Last month, I drove up to Denton to watch a documentary about the U.S. Army Corps of Engineers’ culpability in the Katrina disaster. Few things can entice me to drive that close to the Canadian border, but the trip was well worth it. The movie will be screening tonight at 6pm through March 17 right here in Dallas at the Texas Theater and I strongly urge you to check it out.
About halfway through the film, the focus turns to New Orleans’ disasterous Mississippi River Gulf Outlet project, which was responsible for much of the destruction during Katrina. There are unsettling parallels between the ill-fated “Mr. Go” project and our very own Trinity Toll Road debacle: the primary purpose of the Corps’ Mr. Go project was not flood control and public safety, but transportation/economic development (sound familiar?). Only in their case, instead of a massive toll road, they were creating a massive river channel.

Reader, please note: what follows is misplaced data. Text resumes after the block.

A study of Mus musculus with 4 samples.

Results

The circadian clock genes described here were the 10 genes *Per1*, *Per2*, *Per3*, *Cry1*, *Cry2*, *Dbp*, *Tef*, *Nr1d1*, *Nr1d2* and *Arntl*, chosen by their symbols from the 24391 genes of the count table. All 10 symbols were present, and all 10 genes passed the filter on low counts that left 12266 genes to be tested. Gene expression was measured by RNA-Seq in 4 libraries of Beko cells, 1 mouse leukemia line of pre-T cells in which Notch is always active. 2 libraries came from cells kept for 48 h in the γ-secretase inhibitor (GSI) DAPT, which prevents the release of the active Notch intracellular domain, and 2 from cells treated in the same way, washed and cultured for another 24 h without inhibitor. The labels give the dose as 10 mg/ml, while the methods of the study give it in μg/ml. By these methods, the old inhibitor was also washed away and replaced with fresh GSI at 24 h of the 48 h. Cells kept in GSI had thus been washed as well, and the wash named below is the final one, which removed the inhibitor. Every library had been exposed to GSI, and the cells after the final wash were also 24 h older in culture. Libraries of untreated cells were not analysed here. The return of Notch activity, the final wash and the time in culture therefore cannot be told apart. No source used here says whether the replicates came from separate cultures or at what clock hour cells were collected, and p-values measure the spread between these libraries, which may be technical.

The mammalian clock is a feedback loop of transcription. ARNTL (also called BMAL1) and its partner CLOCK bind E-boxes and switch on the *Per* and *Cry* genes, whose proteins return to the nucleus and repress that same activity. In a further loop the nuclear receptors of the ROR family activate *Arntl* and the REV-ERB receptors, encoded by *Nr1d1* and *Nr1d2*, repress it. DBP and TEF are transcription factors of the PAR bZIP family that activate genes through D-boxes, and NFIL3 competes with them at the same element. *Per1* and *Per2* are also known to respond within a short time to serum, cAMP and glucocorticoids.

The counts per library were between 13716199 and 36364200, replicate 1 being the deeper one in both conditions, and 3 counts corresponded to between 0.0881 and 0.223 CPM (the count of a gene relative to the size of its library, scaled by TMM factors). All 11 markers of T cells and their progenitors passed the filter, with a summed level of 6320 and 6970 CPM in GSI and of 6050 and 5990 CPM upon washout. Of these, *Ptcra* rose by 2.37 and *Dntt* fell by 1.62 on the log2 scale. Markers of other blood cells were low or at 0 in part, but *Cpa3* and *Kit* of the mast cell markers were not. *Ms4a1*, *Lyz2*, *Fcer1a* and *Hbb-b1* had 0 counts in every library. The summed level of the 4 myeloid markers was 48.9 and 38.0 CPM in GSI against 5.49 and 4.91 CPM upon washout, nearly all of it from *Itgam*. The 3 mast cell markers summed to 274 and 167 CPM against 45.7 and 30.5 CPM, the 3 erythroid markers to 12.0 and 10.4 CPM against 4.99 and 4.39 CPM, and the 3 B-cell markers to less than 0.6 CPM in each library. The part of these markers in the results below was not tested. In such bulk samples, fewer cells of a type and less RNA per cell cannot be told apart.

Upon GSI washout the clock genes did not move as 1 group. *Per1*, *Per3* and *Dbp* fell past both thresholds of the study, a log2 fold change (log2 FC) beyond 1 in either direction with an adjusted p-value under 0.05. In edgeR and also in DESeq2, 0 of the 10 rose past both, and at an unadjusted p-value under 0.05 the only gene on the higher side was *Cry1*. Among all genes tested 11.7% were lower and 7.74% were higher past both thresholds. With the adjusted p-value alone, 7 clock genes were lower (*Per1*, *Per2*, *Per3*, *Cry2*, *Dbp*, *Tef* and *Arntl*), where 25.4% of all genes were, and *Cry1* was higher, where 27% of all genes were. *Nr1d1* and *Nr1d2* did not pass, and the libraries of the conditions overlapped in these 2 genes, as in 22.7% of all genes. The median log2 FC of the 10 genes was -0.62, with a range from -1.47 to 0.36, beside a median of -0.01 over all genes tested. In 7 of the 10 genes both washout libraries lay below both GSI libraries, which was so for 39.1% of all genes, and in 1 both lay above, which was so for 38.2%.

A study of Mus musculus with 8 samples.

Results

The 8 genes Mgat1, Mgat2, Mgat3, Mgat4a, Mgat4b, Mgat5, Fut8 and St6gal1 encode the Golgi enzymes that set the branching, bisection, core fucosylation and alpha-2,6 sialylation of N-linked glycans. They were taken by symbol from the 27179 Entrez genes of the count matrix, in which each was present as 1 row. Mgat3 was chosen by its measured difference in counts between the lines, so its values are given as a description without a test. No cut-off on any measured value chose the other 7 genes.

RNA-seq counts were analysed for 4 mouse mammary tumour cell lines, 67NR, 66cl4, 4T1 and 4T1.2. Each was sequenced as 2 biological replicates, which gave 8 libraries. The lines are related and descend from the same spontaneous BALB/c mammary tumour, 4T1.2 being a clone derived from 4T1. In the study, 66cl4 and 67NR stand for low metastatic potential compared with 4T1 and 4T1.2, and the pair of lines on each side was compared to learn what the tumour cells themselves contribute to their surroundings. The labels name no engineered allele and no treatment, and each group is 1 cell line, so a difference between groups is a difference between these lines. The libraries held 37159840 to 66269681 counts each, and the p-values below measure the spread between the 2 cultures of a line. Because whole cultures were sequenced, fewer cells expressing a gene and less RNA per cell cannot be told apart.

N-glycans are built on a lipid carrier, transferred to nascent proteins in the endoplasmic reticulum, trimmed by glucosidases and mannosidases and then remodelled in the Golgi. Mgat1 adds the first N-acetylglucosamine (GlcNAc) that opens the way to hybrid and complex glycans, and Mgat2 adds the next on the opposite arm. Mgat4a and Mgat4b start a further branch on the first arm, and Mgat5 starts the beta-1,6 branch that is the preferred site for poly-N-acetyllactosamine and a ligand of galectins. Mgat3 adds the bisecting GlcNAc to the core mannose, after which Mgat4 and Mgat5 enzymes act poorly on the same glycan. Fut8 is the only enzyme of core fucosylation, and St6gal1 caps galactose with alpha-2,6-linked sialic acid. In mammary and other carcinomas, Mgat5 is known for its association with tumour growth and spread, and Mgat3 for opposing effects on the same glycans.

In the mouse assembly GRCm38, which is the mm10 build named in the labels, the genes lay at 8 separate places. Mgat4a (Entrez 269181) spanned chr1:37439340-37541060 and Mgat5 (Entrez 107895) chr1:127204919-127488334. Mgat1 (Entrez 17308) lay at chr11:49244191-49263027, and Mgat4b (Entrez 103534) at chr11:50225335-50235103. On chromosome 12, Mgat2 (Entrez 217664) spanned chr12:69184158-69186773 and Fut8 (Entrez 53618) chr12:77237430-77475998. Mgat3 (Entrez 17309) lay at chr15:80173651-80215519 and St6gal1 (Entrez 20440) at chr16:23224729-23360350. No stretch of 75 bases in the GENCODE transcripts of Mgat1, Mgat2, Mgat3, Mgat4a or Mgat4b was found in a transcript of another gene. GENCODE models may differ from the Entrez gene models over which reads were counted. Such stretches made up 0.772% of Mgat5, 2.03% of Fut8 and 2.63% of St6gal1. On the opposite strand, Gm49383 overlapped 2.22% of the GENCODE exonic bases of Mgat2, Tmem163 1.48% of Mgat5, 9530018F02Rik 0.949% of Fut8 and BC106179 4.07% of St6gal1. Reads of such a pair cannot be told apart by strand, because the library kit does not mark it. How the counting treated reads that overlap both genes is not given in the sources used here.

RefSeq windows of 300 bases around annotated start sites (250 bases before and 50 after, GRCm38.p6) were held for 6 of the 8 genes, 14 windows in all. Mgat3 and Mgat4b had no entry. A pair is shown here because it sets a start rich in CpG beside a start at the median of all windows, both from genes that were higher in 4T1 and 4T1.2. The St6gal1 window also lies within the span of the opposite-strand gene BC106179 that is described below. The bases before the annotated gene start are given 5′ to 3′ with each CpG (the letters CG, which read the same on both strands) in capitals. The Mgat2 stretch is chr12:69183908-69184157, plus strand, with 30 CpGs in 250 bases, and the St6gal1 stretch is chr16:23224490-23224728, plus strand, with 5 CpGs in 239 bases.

Jim Schutze has two great articles on the documentary and its cautionary tale for Dallas: Documentary About New Orleans’ Killer Floods Draws Uneasy Parallels to Dallas and If There’s One Film About the Corps of Engineers You See All Week …
I got to spend some time talking with the man behind the movie, Harry Shearer (who is not only an amazing comedian/actor, but an astute documentarian). He was incredibly cool, and his passion for New Orleans and its people and history permeates the film. I particularly loved his focus on the courageous whistle-blowers (engineers inside and outside the Corps) who risked their careers to do what was right.
This is a terrific film, and a timely one for our city. Watch it.